Did you know that the divorce rate is almost 50%? Seriously. That means that nearly half of all marriages end in divorce. In today’s short #MarriageMonday, we’re identifying 8 questions you can ask to start putting more energy towards saving your marriage than ending it.
Mark: It seems like it’s nearly daily that we hear about another marriage breaking up. What’s so hard for me is knowing that a large percentage of those divorces don’t really need to happen. In a lot of cases, couples simply allowed the slow fades in marriage to draw them apart from one another. Eventually, it just felt to them like more work to come back together than to call it quits.
Jill: Sometimes it’s folks we know and sometimes it’s folks we only know about. However, there’s often one common denominator that we’ve observed: These couples often spend more energy on pursuing divorce than they spend on pursuing marriage.
Mark: I understand hopelessness. I really do. If you know any of my story, I also believed at one time that divorce was the answer. Looking back, however, I can now see that I spent way more time in my head focused on ending our relationship than I did on healing our relationship. I didn’t believe it could be healed so I quit trying. In doing so, I nearly destroyed us. (If you’re thinking about leaving your marriage, here’s something I’ve written for you.)
Jill: What goes on inside our head and our heart really makes a difference in what goes on inside our marriage relationship. So what would it look like to start giving more mental and emotional energy to connection in your marriage? Here are some questions you can ask yourself today to move in that direction:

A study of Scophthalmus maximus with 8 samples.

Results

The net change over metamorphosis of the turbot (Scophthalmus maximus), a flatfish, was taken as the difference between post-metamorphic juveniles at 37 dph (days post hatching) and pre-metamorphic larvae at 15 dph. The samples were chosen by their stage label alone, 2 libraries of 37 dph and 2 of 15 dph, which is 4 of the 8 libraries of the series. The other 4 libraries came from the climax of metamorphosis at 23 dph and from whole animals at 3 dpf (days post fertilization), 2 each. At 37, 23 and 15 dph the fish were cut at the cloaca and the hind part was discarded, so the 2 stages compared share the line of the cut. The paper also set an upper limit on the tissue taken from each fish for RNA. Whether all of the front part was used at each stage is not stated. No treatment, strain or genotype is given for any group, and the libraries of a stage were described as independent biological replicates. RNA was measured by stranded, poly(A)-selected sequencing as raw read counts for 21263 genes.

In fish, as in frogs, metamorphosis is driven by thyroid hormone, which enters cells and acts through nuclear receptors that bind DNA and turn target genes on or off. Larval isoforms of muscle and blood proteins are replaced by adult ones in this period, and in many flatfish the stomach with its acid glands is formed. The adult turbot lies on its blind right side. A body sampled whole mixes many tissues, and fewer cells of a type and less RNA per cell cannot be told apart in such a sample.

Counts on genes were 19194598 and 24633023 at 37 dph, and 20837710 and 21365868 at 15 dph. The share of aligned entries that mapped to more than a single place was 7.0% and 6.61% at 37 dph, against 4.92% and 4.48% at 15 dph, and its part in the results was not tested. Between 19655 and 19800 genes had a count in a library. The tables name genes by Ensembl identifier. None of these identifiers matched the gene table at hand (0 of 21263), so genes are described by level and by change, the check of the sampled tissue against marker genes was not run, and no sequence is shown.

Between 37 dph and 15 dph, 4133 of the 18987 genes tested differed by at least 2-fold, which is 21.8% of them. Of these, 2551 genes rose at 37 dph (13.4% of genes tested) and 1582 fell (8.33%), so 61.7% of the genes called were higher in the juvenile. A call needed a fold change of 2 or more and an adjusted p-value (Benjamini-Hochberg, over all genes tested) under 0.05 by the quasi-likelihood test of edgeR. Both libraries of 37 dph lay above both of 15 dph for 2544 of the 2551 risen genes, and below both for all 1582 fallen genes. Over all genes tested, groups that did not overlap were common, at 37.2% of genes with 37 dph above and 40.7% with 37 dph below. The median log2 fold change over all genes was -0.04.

- Am I focusing more on what my spouse does wrong than what my spouse does right?
- Am I spending a lot of energy trying to change him/her?
- What if I took the amount of energy I’m spending on the wrong things and put it on the right things?
- What if instead of securing the services of a lawyer, I secured the services of a marriage counselor?
- What if we took the money it will cost to divorce (average $10,000-15,000) and invested it into getting help for our marriage instead?
- Have I spent the time needed to really figure out what’s going on inside of me that’s contributing to the dysfunction or frustrations in our marriage?
- Have we read books, gone to marriage retreats, and sought out the help of someone who can help us hear each other better?
- Am I being honest with my spouse about how I’m really feeling?
Mark: Even if your marriage is in a good place, asking yourself what you’re focusing on most can make a big difference in how you see your spouse. By intentionally taking inventory of where your thoughts are at, you can identify where some growth opportunities are in your heart.
Jill: And if your marriage is in a hard place, please don’t give up before giving it all you’ve got. Healing is possible! Your marriage is worth your energy, your time, and your investment.
We’re curious: Which of these questions stands out the most to you? Let us know in the comments!